Written by Matt Trulio for Speed On The Water Magazine
A little more than a week ago, veteran offshore racer Steve Curtis returned from his domestic home-base in Orlando to England to be with his longtime partner, Abbie, their son, Max, who is 10 years old and Harper, their three-year-old daughter. Curtis’ Offshore Marine Services businesses was shut down in response to the COVID-19 pandemic, as was the Miss GEICO offshore racing shop in Riviera Beach, Fla.—Curtis is the team’s throttleman and he frequently visits the shop to work with team manager Gary Stray, another product of the United Kingdom.
Yesterday, I caught up with Curtis by phone and—as I expected having known him for more than 20 years—he was adjusting to not working at a frenetic pace. The multi-time offshore world champion, who still has another week in quarantine, does not sit still well. On the other hand, slowing down has helped him gained invaluable perspective.
Here’s what he had to say.
When did you head back to the U.K.?
Last Monday. I still have another week of quarantine, but as you know everything non-essential is closed here, anyway. So Abbie and the kids and I have been catching up on family time.
Are you working on anything?
Yes, I have a design project for the Hong Kong police that I’ve been working on for a while. I am not a great lover of military projects, but you have to motivate yourself. What else are you going to do? So I’m reading through this 122-page Hong Kong project proposal.
Have you stayed contact with other people in the offshore community since you’ve been back home?
Quite a bit, actually. I spoke to (Powerboat P1 chief executive officer) Azam Rangoonwala today. They haven’t pulled the plug on anything yet. I talked to Gary Stray the other day and their shutdow has delayed them getting the new deck on the boat. At one point we started laughing. We came up with all these great ideas about things we could do with the raceboat—but we’re not allowed to do any of it right now.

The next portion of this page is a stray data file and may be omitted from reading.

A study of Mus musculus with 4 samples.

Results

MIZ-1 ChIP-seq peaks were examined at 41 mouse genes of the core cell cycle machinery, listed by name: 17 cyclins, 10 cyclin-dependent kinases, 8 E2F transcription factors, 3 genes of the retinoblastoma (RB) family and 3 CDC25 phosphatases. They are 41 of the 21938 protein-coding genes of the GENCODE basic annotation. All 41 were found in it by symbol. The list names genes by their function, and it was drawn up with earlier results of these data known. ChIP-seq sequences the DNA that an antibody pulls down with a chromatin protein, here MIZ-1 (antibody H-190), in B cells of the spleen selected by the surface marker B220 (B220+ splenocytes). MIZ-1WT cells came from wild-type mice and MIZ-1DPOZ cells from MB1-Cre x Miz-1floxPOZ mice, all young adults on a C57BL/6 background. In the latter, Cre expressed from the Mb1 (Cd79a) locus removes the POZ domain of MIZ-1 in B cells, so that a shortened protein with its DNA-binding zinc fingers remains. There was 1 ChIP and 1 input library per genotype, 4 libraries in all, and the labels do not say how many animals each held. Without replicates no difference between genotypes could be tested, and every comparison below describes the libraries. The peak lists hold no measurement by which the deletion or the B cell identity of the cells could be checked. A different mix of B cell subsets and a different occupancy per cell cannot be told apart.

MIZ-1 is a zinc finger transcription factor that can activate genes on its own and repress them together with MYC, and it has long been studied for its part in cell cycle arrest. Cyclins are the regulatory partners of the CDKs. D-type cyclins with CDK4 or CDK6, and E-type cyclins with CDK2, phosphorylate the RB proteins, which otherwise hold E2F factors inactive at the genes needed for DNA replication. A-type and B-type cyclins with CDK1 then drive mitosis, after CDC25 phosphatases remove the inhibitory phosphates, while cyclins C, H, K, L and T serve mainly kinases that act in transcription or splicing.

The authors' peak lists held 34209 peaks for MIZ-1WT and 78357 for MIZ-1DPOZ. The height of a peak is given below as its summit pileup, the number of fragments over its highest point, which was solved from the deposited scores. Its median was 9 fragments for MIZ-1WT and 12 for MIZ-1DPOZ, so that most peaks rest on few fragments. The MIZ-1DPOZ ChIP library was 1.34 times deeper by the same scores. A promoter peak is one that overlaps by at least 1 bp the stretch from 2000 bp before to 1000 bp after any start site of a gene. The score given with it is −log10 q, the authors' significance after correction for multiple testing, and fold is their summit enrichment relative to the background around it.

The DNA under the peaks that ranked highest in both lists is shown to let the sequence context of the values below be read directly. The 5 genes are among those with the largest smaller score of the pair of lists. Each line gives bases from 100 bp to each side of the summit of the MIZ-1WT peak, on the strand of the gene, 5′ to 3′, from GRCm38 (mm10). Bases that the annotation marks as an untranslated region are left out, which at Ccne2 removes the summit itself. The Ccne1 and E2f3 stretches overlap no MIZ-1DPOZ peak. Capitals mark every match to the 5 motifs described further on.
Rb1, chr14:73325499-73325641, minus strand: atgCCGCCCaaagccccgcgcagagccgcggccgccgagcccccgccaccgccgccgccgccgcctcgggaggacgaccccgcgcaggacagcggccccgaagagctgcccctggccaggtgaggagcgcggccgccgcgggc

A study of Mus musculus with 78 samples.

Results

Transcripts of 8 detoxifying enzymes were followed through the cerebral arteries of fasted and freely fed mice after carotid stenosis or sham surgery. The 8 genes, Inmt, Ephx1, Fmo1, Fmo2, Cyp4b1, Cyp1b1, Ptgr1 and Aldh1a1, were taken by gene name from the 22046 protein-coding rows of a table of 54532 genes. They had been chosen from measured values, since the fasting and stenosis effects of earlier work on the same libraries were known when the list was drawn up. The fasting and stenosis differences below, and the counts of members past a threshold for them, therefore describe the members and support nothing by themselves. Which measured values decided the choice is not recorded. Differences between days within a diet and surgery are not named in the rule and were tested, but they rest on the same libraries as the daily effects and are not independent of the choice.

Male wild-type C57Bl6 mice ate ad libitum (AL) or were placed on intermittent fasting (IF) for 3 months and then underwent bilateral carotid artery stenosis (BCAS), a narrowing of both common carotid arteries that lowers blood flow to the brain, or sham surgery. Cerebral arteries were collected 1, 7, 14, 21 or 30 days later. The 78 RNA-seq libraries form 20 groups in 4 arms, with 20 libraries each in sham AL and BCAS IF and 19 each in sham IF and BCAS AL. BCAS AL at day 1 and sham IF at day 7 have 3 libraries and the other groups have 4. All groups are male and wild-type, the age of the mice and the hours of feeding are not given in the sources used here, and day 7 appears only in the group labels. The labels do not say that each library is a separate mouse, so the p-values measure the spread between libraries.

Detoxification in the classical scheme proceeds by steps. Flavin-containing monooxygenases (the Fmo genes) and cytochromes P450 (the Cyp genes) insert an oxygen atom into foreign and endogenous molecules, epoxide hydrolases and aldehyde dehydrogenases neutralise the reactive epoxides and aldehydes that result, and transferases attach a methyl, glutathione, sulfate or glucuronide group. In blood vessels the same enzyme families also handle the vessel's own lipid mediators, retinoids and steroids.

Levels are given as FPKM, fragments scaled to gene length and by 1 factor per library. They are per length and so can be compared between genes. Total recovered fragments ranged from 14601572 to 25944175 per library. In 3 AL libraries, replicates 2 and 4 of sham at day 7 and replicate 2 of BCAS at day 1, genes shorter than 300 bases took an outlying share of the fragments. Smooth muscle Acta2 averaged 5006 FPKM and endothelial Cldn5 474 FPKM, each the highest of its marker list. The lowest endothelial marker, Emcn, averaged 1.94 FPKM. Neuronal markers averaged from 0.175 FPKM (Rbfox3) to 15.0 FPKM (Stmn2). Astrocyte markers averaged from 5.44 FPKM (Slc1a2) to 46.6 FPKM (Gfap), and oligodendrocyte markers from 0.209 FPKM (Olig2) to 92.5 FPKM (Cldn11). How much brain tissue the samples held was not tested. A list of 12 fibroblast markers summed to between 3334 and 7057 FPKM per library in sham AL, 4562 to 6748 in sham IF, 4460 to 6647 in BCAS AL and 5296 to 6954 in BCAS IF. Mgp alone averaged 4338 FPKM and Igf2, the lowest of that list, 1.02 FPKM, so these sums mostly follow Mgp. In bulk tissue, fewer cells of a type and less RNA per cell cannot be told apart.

sotw19orderpromoI’ve talked to a lot of the Class ONE teams and no one—obviously—can come over here to work on their boats. So they’re all on hold. It’s frustrating for everyone. But I guess that’s part of what can happen when you make an international class. I think the current crisis will affect the bigger-boat classes more than the smaller-boat classes.
Even if the first race of season in Cocoa Beach (Fla.) happens—and right now no one knows—it won’t be like last year’s race with so many teams and fans. That’s just not going to happen, which is a real shame because everyone has worked really hard on this series. The only saving grace is that everyone understands why.
So for now you’re playing the role of English country gentleman.
(Laughs) I actually pulled out my mountain bike the other day. We don’t have mountains, but I went for a ride in the countryside.
I do believe there is some good perspective that can come out of this. It’s given me some time to think a bit about what’s really important, what you should be doing and what you miss out on when you’re working so hard and focused on your business.